POCATELLO — Seven months after a fire destroyed part of Highland High, and weeks after voters denied a bond measure that would’ve restored and improved the school, education leaders are still seeking a way forward.
And they’re grappling with difficult realities — a return to a fully-functioning school is years away, and Highland’s freshman class will never learn in a fully rebuilt school.
“No matter what we do, those kids’ entire high school careers will be in a fractured facility and a fractured environment,” Jena Wilcox, an assistant principal at Highland, said.
Pocatello/Chubbuck trustees and administrators discussed next steps at a special meeting Tuesday, and seemed torn about whether to put another bond on the ballot. On Nov. 7, their $45 million bond failed with 56% support, short of the needed two-thirds supermajority.
No decisions were made, but the school leaders’ conversation reflected the difficulties of financing major building upgrades through voter-approved bonds, and while navigating laws that hinder their ability to communicate with voters.
Trustees’ next chance to put a bond on the ballot is in May, and they would have to make a decision and submit ballot language by late March. But at least one trustee opposed the idea.
“I do not believe that another bond will pass,” Trustee Angie Oliver said. “So if that doesn’t pass, are we going to do another one? I mean, how long are we going to put this off?”
Students need a fully-functioning school as soon as possible, she said.
But Trustees Deanna Judy and Heather Clarke said they were in favor of another bond election.
“We have one opportunity from this tragedy to do it right,” Judy said.
The insurance monies will pay to rebuild the school exactly as it was, as well as some improvements if current building codes call for them. But Judy said the district should build an improved school that reflects today’s needs, as opposed to the needs of Highland students in the 1960s, when the school was built. At that time, the school didn’t serve freshmen, as it does now, or offer women’s sports.
“We need to change the messaging and educate people on why we need that upgrade. It’s not just to make it bigger and shinier, it’s opportunities for the kids,” she said.
Wilcox expressed support for a second bond election.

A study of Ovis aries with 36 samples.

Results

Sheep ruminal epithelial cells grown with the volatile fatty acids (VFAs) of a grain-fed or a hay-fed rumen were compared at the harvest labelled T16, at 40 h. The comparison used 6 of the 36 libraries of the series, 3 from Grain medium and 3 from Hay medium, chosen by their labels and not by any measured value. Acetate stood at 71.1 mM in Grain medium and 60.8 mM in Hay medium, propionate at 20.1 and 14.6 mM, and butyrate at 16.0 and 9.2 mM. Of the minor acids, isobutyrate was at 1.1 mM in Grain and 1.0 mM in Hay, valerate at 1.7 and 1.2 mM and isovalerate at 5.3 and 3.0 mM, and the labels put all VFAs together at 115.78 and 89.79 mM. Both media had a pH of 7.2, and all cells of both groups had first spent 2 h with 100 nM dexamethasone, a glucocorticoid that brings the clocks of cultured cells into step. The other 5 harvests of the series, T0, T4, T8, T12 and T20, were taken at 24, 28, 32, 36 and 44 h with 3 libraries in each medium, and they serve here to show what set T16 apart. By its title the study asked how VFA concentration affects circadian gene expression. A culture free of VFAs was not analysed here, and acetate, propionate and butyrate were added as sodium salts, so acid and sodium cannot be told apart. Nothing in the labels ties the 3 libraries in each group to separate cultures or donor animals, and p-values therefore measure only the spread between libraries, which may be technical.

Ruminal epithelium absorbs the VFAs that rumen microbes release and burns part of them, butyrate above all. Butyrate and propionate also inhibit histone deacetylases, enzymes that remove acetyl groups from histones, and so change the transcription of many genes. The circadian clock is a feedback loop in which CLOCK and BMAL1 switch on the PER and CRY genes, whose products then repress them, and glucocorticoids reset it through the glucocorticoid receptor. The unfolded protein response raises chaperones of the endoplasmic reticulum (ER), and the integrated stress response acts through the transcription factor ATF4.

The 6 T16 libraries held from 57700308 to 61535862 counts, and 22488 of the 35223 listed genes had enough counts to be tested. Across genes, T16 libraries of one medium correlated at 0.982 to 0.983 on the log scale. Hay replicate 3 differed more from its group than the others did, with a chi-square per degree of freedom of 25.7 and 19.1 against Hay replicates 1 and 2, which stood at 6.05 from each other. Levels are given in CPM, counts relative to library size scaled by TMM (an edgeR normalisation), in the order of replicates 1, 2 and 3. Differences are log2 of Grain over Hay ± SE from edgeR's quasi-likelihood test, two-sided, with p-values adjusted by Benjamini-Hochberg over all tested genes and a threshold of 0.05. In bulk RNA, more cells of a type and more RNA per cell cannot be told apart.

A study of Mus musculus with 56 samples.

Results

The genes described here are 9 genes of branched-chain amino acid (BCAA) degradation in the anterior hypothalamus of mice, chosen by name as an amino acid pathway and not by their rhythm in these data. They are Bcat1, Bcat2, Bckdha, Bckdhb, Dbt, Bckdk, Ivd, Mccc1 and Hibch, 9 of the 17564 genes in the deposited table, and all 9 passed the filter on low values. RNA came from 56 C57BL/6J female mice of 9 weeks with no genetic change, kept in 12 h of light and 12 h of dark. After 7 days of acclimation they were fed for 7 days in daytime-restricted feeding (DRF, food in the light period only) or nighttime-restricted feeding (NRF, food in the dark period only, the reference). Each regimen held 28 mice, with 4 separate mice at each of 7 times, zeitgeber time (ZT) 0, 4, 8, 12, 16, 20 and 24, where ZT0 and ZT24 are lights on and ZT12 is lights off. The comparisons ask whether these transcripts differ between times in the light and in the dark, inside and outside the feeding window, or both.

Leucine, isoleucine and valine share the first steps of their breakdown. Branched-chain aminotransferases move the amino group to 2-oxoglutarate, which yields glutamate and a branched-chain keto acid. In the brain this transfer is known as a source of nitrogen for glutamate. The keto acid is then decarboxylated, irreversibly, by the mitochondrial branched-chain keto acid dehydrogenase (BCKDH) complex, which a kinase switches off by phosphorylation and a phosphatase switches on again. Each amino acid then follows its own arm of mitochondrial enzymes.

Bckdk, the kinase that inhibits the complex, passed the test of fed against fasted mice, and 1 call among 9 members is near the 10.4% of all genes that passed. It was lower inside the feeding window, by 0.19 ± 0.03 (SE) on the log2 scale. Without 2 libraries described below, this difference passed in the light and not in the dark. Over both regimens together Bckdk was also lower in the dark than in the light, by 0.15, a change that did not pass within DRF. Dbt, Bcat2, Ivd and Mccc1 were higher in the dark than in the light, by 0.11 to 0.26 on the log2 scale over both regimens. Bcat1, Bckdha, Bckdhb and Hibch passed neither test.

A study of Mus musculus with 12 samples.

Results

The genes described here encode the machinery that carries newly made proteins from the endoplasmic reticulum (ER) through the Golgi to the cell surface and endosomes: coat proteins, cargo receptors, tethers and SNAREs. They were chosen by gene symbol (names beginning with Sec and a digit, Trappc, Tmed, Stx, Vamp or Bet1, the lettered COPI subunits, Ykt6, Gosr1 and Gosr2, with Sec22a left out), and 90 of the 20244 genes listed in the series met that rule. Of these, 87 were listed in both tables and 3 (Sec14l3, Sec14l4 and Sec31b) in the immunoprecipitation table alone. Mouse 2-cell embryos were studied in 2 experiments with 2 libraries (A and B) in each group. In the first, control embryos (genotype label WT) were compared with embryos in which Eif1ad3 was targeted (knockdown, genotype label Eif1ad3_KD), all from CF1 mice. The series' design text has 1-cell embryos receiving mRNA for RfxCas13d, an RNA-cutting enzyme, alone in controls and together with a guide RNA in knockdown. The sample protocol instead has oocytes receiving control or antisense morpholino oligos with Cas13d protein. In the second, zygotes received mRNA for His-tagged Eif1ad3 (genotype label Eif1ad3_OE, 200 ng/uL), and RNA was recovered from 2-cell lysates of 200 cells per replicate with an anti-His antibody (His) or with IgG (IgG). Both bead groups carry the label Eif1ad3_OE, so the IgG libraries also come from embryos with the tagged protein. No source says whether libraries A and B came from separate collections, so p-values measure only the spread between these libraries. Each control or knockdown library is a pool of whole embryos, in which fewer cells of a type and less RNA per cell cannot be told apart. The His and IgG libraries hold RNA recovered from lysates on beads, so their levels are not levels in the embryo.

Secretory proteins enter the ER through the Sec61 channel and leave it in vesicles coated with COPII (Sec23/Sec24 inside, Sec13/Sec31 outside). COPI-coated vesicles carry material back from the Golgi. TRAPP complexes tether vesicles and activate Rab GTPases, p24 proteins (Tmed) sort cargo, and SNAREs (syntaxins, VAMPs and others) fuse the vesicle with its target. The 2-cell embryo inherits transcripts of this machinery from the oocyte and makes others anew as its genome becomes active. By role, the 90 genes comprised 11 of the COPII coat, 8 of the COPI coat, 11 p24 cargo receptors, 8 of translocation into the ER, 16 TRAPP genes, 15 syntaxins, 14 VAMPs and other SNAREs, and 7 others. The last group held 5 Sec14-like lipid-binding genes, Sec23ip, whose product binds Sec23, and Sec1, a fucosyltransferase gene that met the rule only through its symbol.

“I’m in favor of us trying to do this again and do a better job at it,” she said. “But if we can’t get this passed this next go-around, we have to cut our losses … We have to minimize that impact for kids.”
Leaders discussed a few options Tuesday, ranging from rebuilding Highland as it was before the fire, to rebuilding and improving its gym, auditorium and science labs. The price tag for those options range from no cost, to $35.4 million.
If the district’s proposed $45 million bond had passed in November, a chunk of it would’ve gone to a second school, Century High, to improve its gym facilities.
Trustees also discussed whether to give voters a chance to fund just Highland’s improvements on the next ballot.
Results from a recent community survey indicate that the added ask for Century was a primary reason for denying the bond.
And there was frequent discussion about how to better communicate with stakeholders if trustees run another bond ask. More than 300 stakeholders who took the poll called for more public meetings and information.
But Courtney Fisher, the district’s director of communications, said laws constrain outreach efforts.
A law passed last spring, for example, requires districts to post the official ballot language — which is cumbersome legalese — whenever they mention a bond measure or even remind community members to vote. Fisher said the bond language confused constituents.
District officials are also barred from using school resources to advocate for bond or levy measures, and can only inform or educate. Because of that, Fisher said she opted not to go on radio or television, which kept her from reaching a potentially wider audience.
“We need to help our legislative delegation understand that these legal ramifications are not helping create a more informed electorate,” Fisher said. “It’s causing confusion. People want simple, straight answers, and some of these legal constraints prevent us from doing that.”